Need to Get Some Cash? These 6 Bank Accounts Waive Your ATM Fees
Enjoying an ATM’s convenience gets more expensive every year — literally.
ATM fees have hit a record high for the 10th year in a row, according to Bankrate’s annual survey.
Between a $2.90 charge from the bank that owns the ATM and a $1.67 charge from your bank for using someone else’s machine, the average cost to withdraw cash from an out-of-network ATM is $4.57 this year.
That’s more than 20% on top of the $20 you were about to withdraw for one last round at the bar.
How to Avoid ATM Fees
Thankfully, a number of banks are catching on, and you can find accounts offering free ATMs — not just in-network, but all ATMs.
These seven bank accounts all waive ATM fees to some extent — some better than others.
I listed them in descending order, starting with those that offer the best combination of ATM rebate options, the lowest barrier to entry and overall good benefits for account holders.
The best bank account for you depends on your situation and money goals, so don’t discount those lower on the list!
1. State Farm Bank
A close second, State Farm Bank is a good option if you prefer an institution with physical locations.
State Farm’s basic checking account requires a minimum opening deposit of $25, and offers free ATMs with a few stipulations.
To receive unlimited ATM rebates, you’ll need to have at least one direct deposit to your account per statement cycle. Without a direct deposit, you’ll get ATM rebates up to $10 in that statement cycle.
State Farm will reimburse you for fees charged by other banks at the end of each statement cycle, and it won’t charge fees to use its own ATMs or those owned by other banks.
If you work for an employer that offers direct deposit, the requirement should be easy to hit. But if you don’t have that option, or your income isn’t stable, you may miss out on this account’s benefits.
2. Bank of Internet USA
Although Bank of Internet USA contends with the benefits of the first two accounts, it only offers free ATMs within the U.S.
As its name suggests, this is another online-only bank. It offers several checking accounts with ATM reimbursements and other benefits.
A BofI representative told me all its checking accounts require a $100 minimum opening deposit, but after that require a minimum balance of only $1.
Bank of Internet’s Essential Checking account comes with no monthly or annual fees, no overdraft fees and cash-back rewards for debit card purchases.
BofI will reimburse you by the end of the next business day for unlimited ATM fees within the U.S.
For ATM use in another country, you’ll pay a 2% service fee. So even though this online bank account is flexible, it isn’t ideal for international travel.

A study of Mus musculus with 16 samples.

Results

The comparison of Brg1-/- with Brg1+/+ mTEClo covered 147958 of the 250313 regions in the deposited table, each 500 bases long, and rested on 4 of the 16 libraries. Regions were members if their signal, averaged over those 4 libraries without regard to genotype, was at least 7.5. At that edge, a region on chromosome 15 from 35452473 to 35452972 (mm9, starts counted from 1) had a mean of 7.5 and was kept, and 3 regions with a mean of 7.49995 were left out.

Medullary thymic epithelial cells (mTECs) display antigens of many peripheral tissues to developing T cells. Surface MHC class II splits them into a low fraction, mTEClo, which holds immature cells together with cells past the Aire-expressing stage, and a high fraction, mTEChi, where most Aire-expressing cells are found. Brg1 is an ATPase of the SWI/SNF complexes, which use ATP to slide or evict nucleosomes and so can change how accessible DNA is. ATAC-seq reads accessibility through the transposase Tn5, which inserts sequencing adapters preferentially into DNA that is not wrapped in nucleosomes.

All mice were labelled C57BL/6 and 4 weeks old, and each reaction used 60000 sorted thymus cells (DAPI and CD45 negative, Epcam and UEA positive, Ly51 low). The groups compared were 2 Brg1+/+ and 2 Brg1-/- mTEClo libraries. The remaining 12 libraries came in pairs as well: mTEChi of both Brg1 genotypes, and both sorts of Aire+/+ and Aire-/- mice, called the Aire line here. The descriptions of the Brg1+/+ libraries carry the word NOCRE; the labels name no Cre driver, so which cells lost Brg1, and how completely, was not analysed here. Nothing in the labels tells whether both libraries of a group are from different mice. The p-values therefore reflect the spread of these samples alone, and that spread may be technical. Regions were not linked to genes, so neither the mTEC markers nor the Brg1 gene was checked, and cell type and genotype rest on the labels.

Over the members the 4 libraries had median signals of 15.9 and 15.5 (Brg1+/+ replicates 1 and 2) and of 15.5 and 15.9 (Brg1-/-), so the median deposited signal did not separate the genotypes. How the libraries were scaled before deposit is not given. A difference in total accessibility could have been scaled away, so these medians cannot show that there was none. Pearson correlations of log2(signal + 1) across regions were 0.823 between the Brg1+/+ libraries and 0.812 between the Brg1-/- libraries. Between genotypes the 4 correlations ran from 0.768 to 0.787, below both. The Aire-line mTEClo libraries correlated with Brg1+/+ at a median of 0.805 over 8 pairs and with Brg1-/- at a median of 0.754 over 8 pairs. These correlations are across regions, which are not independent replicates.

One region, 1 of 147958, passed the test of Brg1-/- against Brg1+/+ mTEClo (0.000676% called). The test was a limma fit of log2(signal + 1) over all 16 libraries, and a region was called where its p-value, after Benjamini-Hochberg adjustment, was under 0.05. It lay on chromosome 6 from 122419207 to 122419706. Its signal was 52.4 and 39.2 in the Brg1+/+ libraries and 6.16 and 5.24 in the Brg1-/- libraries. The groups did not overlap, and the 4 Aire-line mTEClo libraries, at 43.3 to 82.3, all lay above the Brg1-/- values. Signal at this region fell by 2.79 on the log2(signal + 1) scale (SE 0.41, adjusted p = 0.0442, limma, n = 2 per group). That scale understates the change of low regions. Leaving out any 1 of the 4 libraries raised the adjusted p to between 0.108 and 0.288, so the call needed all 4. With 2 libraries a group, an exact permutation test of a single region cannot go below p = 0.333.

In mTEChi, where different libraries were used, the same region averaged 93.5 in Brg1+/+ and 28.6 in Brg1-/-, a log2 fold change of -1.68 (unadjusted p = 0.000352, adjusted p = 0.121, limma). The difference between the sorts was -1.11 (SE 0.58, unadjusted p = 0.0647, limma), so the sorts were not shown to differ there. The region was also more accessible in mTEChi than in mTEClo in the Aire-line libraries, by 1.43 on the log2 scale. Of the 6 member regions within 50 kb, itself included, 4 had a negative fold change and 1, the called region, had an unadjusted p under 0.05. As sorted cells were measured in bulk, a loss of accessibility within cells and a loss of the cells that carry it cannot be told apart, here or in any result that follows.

3. Schwab Bank High Yield Investor Checking Account
Schwab Bank is one of the first that comes to mind when looking for a bank account for international travelers. The account offers unlimited ATM fee rebates for cash withdrawals at ATMs anywhere in the world.
The Penny Hoarder’s resident travel guru, Susan Shain, uses and loves it.
“I’ve had Schwab for years and recommend it to every international traveler I know,” Shain says. “I used to take out huge wads of cash at once, just so I could avoid paying fees every time I needed more — but that’s not a safe way to travel.
“Now, because Schwab refunds fees charged by other banks, I can take out cash every few days. Win-win for sure!”
Neither account comes with monthly fees or a minimum balance, but “other account fees, fund expenses and brokerage commissions may apply” to the brokerage account once you begin investing.
4. Ally Bank
With Ally’s free online Interest Checking account, you can use any Allpoint ATMs in the U.S. for free, plus Ally will reimburse you up to $10 — three average transactions per statement cycle — for other ATM fees within the U.S.
An Ally representative told me this checking account has no required minimum deposit to get started.
5. Chesapeake Bank
Chesapeake Bank’s online-only Clear Sky checking account will waive up to $20 — six average transactions — in ATM fees per month.
You’ll also get free basic identity theft protection when you open an account!
6. Credit Unions
If you’re eligible to become a member of a local credit union, check their ATM policies. Credit unions often don’t have large ATM networks, and make up for it by reimbursing fees charged by other banks.
Check out our current list of bank promotions for a chance to gain a monetary bonus when signing up for a new bank account.